Re-reading Ashok’s blog on Loyola post about Fr. Pulikkal’s four letter word, awoke the curious cat in me and send me on a small hunt to find other catchprases and acronyms i have come across at Loyola. This is a bit about other symbols associated with my alma matter.
One i very vividly remember was JHS. How not to? seeing that it is written across the school emblem, painted on the main building, on the school flags and on the buses. What does IHS mean? Ever wondered?
For that you need to know what a christogram is. A Christogram is a monogram or combination of letters which forms an abbreviation for the name of Jesus Christ, and is traditionally used as a Christian symbol. The most commonly encountered Christogram is the X (or more accurately, Greek letter Chi) in the abbreviation Xmas (for “Christmas”), which represents the first letter of the word Christ.
IHS is the most commonly uses Christogram. derived from the first three letters of the Greek name of Jesus, iota–eta–sigma or ΙΗΣ. Here the Greek letter eta was transliterated as the letter H in the Latin-speaking West (Greek eta and Latin-alphabet H had the same visual appearance and shared a common historical origin), while the Greek letter sigma was either transliterated as the Latin letter C (due to the visually-similar form of the lunate sigma), or as Latin S (since these letters of the two alphabets wrote the same sound). Because the Latin-alphabet letters I and J were not systematically distinguished until the 17th century, “JHS” and “JHC” are equivalent to “IHS” and “IHC”.(courtsy Wikipedia)
IHS is also interpreted as standing for “Iesus Hominum Salvator ” , which is latin for “Jesus savior of men”. Some uses have even been created for the English language, where “IHS” is interpreted as an abbreviation of “I Have Suffered” or “In His Service”. Such interpretations are known as backronyms.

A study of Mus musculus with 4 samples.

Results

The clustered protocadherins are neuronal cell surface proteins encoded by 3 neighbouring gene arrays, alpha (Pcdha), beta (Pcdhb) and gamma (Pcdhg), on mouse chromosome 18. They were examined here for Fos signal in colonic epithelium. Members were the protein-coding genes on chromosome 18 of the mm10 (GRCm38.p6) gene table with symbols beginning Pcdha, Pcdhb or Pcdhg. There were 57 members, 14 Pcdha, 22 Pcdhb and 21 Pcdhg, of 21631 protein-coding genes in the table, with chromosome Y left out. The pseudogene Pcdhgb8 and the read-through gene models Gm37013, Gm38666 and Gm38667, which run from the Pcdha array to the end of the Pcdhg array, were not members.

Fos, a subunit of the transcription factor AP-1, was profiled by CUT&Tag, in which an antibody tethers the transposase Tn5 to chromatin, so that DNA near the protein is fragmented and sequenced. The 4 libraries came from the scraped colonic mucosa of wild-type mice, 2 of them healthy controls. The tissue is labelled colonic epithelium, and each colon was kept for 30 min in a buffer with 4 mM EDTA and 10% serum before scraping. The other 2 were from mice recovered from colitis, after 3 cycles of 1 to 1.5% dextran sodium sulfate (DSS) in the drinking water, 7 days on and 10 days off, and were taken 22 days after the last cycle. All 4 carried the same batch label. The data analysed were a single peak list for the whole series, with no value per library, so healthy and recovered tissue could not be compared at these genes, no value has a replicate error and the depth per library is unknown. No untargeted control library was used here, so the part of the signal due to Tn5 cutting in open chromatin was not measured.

Searching the same also brings up a rather blasphemous usage of the name of Christ, as Jesus H. Christ, cynically implying that the name CHRIST(Which is Greek for Messiah) is actually a surname rather than a title. Since the transliteration IHS gave rise to the backronym Iesus Hominum Salvator, it is plausible that JHC similarly led to Jesus H. Christ. Another usage of the term implies that the H is an abbreviation for the name Harold, a play on words from the Lord’s Prayer(the “Our Father”) as if Harold were the name of Jesus’ Father: “Our Father, who art in heaven, Harold be thy name …”; thus, Harold is taken to be Jesus’ middle name.
That is the history of JHS/ IHS. The only place i have noticed this is on the emblem of Loyola.Hope others can give other references 🙂
AMDG is continued into ” Ad Majorem Die Gloriam Inque Hominum Salutem”,which means “For the greater glory of God, and the salvation of mankind.”
Then there was MAGIS. It is emblazed, along with the words “In persuit of Excellence”, on the plaque, given to us when we passed out of school.
Magis (pronounced “màh-gis”) is a Jesuit phrase that means “the more”. It is taken from Ad majorem Dei gloriam. Magis refers to the philosophy of doing more, for Christ, and therefore for others. It is an expression of an aspiration and inspiration. It relates to forming the ideal society centered around Jesus Christ.
The roots of the phrase are ascribed to St. Ignatius’ exercise of doing more for God. He would encourage people around him during his time by asking: “What have I done for God? What am I doing for God? and What MORE can I do for God?”
By the way , i also dug up INRI 🙂
INRI is an acronym of the Latin phrase IESVS·NAZARENVS·REX·IVDÆORVM, which translates to English as: “Jesus the Nazarene, King of the Jews ”
(It is seen on the base of Jesus’s cross)
This post is heavily borrowed from Wikipedia. It just shows off my ability to search stuff over the net(which isnt anything to boast of) and inability to write technical facts in my own words. It is a striving from my part to fill the void i left by not posting in November. Also reading up tons of material about Christianity, its history, names of christ, Acronyms, Christograms, history of St. Ignatious, The jesuits etc and seeing the Lords prayer(perhaps the most famous of them all) in full version, which i long wanted to- has kinda left me in a real spiritual mood. HAD TO put this down, for my later reference at least.
Bear with me.
Could any inspired/spirited(jobless?) loyolite, please find out what the seven bars on the emblem represent? I knew but i forgot. Wow i never thought id get to like christianity and history so much. Now back to reading. chow.